Measures include digitising prescription payment exemptions and a new collaboration between the NHS and a leading UK fraud prevention service.
The government has announced how it will take tougher action on fraud and save hundreds of millions of pounds for the NHS over the next 5 years, increasing the money available for improving patient care.
The plans were announced by Health and Social Care Secretary Matt Hancock.
The new approach will start with a commitment to halve prescription fraud, which costs the NHS £256 million a year.
Prescription exemptions will be digitised, allowing pharmacies to check whether the patient does not have to pay charge before their medication is dispensed. This will be piloted next year, before being rolled out across the NHS.
The focus on prescriptions is one aspect of a wider crackdown on NHS fraud, which will prevent up to £300 million being lost to fraud by April 2020. This is part of the government’s commitment to ensuring public finances are managed responsibly and that every penny invested goes towards improving care.
Further measures being introduced to stop fraud include:
a new partnership between the NHS Counter Fraud Authority (NHSCFA) and the fraud prevention service Cifas, allowing NHS counter-fraud professionals to access Cifas data
more collaboration and data sharing between the NHS Business Services Authority and NHSCFA to identify the small number of pharmacists and dentists claiming payments for services they have not carried out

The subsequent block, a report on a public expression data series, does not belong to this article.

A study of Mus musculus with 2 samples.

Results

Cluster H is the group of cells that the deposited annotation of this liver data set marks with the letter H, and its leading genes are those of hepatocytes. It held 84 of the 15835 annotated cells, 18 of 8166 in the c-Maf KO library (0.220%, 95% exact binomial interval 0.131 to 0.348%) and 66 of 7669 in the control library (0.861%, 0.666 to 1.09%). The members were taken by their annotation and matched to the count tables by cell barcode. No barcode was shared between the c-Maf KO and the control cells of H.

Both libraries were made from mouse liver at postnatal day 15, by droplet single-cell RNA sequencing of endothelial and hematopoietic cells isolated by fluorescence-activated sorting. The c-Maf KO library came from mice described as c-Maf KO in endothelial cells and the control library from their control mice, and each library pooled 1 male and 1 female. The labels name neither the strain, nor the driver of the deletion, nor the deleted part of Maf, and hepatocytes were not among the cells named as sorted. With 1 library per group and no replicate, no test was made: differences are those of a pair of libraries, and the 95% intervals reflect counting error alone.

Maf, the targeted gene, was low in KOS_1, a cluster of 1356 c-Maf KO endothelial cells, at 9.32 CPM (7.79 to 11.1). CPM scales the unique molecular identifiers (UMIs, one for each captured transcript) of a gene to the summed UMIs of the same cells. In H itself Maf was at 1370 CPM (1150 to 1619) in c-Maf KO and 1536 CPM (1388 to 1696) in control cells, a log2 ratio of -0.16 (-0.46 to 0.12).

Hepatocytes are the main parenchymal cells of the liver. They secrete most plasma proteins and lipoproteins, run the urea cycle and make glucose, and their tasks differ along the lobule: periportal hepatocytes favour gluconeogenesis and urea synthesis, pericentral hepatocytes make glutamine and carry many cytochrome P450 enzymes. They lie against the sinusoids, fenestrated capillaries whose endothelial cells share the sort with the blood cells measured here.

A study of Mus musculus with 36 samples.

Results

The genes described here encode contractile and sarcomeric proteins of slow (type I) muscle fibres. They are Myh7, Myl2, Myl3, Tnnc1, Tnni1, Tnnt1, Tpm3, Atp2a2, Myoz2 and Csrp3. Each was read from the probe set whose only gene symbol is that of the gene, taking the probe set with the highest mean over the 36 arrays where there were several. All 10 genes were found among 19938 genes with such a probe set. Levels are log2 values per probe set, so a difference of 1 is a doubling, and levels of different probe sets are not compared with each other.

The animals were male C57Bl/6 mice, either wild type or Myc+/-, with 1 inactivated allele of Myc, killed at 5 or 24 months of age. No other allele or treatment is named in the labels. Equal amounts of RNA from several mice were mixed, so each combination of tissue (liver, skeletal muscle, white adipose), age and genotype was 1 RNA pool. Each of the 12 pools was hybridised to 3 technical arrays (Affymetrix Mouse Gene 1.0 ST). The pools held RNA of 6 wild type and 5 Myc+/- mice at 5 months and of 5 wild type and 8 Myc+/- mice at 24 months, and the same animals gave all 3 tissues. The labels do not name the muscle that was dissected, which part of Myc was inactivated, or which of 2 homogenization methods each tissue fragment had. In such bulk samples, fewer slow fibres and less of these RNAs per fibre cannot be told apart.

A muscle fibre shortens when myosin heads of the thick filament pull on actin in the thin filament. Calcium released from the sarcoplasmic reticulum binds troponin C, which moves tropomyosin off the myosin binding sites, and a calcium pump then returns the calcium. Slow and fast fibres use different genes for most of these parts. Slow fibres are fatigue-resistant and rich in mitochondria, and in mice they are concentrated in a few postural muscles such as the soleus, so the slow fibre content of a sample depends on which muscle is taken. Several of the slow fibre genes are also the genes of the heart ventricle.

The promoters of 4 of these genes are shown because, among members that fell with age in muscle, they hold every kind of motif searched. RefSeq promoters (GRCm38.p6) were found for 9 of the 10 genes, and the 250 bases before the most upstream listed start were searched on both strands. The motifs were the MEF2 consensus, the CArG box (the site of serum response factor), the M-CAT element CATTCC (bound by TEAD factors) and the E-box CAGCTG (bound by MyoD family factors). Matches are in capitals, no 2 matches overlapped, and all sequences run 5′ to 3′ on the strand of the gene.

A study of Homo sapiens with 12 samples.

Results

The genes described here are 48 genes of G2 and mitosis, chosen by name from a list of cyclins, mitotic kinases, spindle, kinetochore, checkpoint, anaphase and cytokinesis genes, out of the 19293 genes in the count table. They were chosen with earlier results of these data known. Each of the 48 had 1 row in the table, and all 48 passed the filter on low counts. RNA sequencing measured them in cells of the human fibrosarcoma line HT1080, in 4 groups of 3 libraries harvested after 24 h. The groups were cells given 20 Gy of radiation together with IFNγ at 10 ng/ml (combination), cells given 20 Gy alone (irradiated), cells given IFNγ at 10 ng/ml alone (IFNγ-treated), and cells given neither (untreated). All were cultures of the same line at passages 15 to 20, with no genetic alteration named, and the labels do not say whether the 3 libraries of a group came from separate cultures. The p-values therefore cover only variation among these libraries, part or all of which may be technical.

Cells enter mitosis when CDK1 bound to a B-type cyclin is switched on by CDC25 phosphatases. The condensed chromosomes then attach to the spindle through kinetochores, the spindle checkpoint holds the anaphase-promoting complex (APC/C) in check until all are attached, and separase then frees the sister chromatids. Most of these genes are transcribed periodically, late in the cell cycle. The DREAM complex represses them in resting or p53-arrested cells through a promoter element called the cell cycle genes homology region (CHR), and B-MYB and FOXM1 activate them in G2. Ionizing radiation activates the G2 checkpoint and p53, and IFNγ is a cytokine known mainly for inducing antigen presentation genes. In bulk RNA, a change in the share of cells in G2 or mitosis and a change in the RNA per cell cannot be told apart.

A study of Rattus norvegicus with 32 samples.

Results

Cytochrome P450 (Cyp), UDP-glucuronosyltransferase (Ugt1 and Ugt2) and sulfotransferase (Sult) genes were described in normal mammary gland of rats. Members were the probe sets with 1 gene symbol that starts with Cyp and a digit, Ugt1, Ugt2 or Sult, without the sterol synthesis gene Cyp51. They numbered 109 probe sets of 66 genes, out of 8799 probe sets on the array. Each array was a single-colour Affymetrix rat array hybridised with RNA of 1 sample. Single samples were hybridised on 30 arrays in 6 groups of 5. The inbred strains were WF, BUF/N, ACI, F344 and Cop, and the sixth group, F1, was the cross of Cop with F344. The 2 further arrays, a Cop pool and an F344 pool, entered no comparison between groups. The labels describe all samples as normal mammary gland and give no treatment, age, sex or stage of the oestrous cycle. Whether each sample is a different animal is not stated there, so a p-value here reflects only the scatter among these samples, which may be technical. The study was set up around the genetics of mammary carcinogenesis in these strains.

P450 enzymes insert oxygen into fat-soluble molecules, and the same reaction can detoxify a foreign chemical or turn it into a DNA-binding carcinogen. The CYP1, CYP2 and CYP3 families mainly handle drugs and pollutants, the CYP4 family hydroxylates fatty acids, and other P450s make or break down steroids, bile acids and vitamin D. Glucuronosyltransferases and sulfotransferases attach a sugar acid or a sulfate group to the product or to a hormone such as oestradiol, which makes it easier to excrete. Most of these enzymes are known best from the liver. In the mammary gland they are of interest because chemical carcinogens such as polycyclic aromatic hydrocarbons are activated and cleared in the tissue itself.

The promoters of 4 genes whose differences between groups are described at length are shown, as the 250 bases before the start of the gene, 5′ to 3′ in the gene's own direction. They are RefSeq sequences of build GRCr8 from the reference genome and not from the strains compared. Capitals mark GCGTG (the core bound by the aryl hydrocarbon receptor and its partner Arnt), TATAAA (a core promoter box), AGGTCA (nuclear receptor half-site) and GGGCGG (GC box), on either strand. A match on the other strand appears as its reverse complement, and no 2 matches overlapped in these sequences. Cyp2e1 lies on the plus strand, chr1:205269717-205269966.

the introduction of a new counter-fraud profession in central government, bringing together around 10,000 counter-fraud specialists, including 400 focused on fraud in the NHS
NHSCFA will take forward these measures. It will work with its data-sharing partners to analyse large amounts of information and identify anomalies, unusual activity and inconsistencies in the NHS, referring to NHS investigators for further action.
NHSCFA was set up in November 2017 and replaces NHS Protect, which has been working to stop fraud since 2010.
Fraud in the NHS ranges from a few pounds, to hundreds of thousands and occasionally millions.
Health and Social Care Secretary Matt Hancock said:
Those who abuse the NHS and choose to line their own pockets with money that should be spent on patients and frontline care will no longer have anywhere to hide. The new technology and analysis, combined with intel and experience of counter-fraud specialists will form the starting point of this new fight against NHS fraudsters.
We’re determined to make sure every penny of the extra funding we are giving the NHS as part of our long-term plan is properly spent. The message is clear: the NHS is no longer an easy target, and if you try to steal from it you will face the consequences.
Sue Frith, interim CEO of the NHS Counter Fraud Authority, said:
I am delighted that the Health and Social Care Secretary is showing such a keen interest in addressing fraud and supporting the NHS Counter Fraud Authority in its vital mission to prevent and detect fraud against the NHS. It is key to our success that we collaborate with others and I am confident that as we work with partners this ambitious target will be achieved.
The more data sets we are able to access from partners such as Cifas and the NHS Business Services Authority, the more fraud we can detect and prevent. NHSCFA are actively engaging with the fintech sector to identify technological solutions that could enhance data examination and exploitation capability.